The New York Times creates an interactive information model where the demographics are up to the reader, but the findings are all come down to the data. We went and tested it out.
In their latest study, the Equality of Opportunity Project used the data of 20 million Americans in their late thirties to trace their earning potential based on gender, class, and race. The results paint a dire picture of the impact of racism across class lines, and naturally inspired an in-depth article from the New York Times. But it’s this week’s follow-up that has people talking: an interactive information model where readers can compare two demographics of US children to see how likely they are to jump income brackets in adulthood.
This information model matters (and is actually really exciting) because it shows the potential of technology to make people aware of social injustices and mental constructs that feed unconscious bias,, reflection that can translate to real dialogue and real solutions.
The whole point of the NYT model is to frame the conversation of earning potential and class in terms of race and gender, yes, that proverbial worm-can that is intersectional identity, or the idea that social identities overlap in ways that further oppress already marginalized groups.
Though the idea of ‘class not race’ often comes across as a less charged conversation (especially in the workplace), it’s also clear that if we ignore race when it comes to the wage gap, we aren’t seeing the whole picture. Same goes for gender.
The interactive model allows the user to compare two demographics of disparate gender, race, or class of origin, and then feeds your preferred dataset into the model to reveal the earning potential and class mobility of each one.
Of black and white girls from poor families, only two percent of black women become rich adults, while white women transition from poor to rich at a rate of 11 percent. This data set above is a great place to start a productive conversation about intersectionality.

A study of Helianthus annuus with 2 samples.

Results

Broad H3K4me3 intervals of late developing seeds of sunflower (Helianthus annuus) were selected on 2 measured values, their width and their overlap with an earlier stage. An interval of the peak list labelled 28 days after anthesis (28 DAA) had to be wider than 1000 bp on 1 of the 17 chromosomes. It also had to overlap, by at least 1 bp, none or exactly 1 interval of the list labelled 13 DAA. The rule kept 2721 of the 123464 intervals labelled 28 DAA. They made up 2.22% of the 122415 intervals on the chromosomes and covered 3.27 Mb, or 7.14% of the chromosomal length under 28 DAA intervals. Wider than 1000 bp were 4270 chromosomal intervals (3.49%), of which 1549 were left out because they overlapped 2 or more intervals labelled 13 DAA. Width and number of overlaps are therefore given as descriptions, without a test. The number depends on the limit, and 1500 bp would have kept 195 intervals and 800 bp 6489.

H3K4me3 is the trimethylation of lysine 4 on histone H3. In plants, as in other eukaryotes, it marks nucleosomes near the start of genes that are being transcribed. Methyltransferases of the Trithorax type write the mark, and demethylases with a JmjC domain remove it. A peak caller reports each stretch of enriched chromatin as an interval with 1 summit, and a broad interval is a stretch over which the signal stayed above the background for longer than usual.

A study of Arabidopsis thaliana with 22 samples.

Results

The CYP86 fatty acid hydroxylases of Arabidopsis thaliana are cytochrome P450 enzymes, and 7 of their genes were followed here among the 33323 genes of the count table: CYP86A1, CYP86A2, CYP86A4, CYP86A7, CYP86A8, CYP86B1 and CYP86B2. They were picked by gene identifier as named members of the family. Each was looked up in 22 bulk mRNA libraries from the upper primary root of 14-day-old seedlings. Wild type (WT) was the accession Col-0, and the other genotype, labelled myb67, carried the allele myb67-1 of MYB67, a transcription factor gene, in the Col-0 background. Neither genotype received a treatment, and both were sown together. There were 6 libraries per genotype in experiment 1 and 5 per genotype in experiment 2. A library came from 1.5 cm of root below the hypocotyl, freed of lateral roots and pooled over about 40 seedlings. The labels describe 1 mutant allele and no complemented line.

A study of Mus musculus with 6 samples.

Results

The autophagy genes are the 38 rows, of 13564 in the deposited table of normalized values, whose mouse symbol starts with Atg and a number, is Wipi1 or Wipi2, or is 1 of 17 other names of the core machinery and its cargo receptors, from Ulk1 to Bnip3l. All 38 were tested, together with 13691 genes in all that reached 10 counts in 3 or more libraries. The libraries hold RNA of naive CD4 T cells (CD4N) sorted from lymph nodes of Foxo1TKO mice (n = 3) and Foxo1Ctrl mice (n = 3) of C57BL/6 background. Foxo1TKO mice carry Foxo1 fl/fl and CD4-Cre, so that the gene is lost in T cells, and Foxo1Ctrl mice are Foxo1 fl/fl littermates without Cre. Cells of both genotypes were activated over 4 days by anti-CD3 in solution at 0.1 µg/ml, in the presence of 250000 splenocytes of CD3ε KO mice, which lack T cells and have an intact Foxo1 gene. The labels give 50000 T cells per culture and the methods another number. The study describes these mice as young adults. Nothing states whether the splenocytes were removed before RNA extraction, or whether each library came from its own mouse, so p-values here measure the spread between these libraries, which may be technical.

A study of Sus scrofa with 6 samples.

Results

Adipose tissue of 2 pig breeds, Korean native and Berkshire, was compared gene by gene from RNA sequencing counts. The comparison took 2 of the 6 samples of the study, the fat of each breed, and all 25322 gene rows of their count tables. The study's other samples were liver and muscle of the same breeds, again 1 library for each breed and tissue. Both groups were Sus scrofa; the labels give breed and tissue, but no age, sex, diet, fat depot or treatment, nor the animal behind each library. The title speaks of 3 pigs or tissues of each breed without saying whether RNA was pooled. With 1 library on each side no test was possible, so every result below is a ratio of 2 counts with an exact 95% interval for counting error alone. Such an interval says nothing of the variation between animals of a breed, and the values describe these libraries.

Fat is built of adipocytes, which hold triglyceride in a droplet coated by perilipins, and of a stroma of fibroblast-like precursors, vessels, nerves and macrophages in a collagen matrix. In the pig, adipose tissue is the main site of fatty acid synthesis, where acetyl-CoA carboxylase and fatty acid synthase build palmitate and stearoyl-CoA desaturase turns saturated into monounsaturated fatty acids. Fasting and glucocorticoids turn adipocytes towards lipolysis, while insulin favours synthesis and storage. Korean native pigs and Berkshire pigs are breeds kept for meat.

Just imagine, as part of your business, holding a diversity seminar where employees use interactive models to learn about the impact of social identities.
As a trial, one can select Native American boys and girls from poor families, and white boys and girls from poor families, and watch the tiles, each one representing a child, either rise to higher income brackets like leafs in an auspicious breeze, or roll horizontal like a tumbleweed.
After watching for a few seconds it becomes clear that the majority of both demographics are most likely to stay poor: Native American boys and girls at a rate of 45 percent versus white boys and girls at 29. The disparity becomes more intense the further up the social latter you go. The model caps out at 50,000 people, and at the end we were left with the likelihood of a white child born into a poor family making it to the top income tier, over three times that of a native child raised in a similar situation.
Now the data you find can mean many different things, and it may not help you win a fight with your racist Uncle Jack next Thanksgiving, but it can help all of us create a more informed public discourse around complicated topics like wage disparity as it pertains to gender and race – and we can all agree that we all need that!